The UCPH humanities faculty is the slowest in the country. In an effort to speed things up, the allotted time for finishing a Master's degree was reduced by 6 months. Students are of two minds about the change in rules

“The administration needs to recognize that Stuff Happens, and not kick out students that are trying their best to finish as soon as possible” says Niklas Nisbeth. “While it is reasonable to expect most students to complete an MA in the allotted time, the system needs to be flexible enough to allow for illness and other outside events, as well as some shifts in focus.”

Niklas, a recent graduate from the Faculty of Humanities, made this statement in response to newly proposed regulations seeking to limit the MA degree to a maximum of 2 ½ years. This is to be achieved through implementation of an 11 step plan. The steps include improving teaching to ensure more contact with teaching faculty, more compatible course combinations and study plans, and closer thesis monitoring, amongst others.

These changes are the result of intense pressure from politicians and the government to improve efficiency in the universities. The MA degree at UCPH, offered by the HUM, is currently the slowest in the entire country.

2 ½ year target

Niklas, who is a former student of MA in Linguistics, took 4 years to complete his master’s degree. He attributes multiple delays to illness and an internship abroad. He also changed course during his degree which meant that he had to take extra classes.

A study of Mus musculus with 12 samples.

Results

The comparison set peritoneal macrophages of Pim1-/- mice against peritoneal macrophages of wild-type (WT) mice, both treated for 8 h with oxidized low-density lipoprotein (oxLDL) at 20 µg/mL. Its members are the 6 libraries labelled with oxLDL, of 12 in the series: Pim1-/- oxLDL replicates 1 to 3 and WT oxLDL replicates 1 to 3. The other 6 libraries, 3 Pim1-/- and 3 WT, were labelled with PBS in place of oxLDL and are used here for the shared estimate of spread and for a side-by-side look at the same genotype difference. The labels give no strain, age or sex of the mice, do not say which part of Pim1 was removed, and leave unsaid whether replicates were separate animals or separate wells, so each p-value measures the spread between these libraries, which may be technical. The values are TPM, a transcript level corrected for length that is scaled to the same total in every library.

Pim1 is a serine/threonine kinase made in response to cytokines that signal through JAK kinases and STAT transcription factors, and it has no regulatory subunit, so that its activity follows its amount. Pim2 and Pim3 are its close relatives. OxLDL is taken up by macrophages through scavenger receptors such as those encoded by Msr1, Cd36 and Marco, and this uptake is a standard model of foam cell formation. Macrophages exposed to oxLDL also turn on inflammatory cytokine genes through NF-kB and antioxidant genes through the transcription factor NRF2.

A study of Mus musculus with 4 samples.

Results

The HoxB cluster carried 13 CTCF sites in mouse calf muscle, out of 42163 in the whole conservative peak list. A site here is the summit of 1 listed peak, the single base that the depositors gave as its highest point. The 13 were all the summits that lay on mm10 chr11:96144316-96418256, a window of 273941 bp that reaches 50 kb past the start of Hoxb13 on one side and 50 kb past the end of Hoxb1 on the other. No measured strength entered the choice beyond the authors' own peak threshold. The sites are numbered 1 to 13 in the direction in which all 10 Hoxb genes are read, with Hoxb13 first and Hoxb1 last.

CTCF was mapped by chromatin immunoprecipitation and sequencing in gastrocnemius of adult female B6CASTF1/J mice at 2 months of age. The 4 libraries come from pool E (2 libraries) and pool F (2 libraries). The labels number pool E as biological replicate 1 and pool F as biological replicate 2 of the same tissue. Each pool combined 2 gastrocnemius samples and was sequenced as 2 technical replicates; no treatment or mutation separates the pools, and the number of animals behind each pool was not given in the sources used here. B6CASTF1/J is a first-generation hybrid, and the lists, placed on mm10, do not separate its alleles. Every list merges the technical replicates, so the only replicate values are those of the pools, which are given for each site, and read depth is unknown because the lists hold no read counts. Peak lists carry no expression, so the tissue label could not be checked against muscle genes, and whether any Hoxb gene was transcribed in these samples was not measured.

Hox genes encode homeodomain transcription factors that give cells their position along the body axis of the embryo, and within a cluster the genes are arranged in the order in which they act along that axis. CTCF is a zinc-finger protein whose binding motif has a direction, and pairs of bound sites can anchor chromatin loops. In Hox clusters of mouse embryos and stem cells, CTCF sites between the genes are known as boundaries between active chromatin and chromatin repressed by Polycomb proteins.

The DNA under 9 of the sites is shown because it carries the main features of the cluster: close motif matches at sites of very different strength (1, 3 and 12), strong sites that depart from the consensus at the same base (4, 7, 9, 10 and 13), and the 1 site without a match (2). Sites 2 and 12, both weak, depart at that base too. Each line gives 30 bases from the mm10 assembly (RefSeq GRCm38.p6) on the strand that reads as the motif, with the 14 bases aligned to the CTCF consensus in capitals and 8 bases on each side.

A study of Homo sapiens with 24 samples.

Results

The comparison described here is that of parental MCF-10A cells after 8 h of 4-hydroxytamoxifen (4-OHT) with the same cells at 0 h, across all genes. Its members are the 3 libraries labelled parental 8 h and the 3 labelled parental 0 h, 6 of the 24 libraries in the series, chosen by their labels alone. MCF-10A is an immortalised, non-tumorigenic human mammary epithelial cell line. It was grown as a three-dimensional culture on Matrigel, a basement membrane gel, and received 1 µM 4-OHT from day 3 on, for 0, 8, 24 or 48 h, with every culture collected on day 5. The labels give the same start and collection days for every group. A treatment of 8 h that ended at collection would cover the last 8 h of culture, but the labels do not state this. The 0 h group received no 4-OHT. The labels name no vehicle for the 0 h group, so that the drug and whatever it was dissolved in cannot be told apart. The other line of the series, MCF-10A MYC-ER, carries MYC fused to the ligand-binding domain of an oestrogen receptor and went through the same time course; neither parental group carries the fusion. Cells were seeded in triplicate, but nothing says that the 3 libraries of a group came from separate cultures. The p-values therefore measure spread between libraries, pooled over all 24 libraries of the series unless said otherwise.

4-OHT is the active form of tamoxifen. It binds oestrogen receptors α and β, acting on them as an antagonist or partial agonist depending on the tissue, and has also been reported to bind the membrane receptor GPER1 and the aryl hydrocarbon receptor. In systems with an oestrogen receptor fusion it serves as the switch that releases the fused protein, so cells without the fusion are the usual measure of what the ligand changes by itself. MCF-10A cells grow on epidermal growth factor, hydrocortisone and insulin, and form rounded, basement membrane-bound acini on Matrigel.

“Studies mean acquiring new knowledge and new insights, and that will sometimes mean that you discover new interests” he continues. “I think the system should provide some leeway to allow for this, but whether that’s in the form of giving an extra year or six months by default as under the current system, or by requiring that students apply for extensions is unimportant.”

Emma Sorgaard, who is about to start her MA, holds an opposing view: she believes that such organization and structure would be advantageous in helping her complete her degree in 2 ½ years, which is currently her target.

It ain’t easy

Emma considered some propositions to be positive across the board. One example is the rethinking of the current division between work done during the semester and exams, which will force students to work with the subject matter throughout the semester, increasing the quality of what is learned.

While these statements may reflect the feeling of some students on the ground, the HUM administration is under fire to improve efficiency. While the official duration of the MA is 2 years, the average finishing time is currently 4 years. Up to 65 enrolled students showed no signs of activity from the beginning prompting discontinuation by the administration.

Proposed measures include improvement of teacher to student contact with introduction of mentoring and stringent thesis supervision. However, this may increase the workload for both students and faculty, which has its own disadvantages. Many MA students have jobs or families, which means they have to split their time. 37 hours per week spent at campus, even without such responsibilities, may prove difficult to achieve.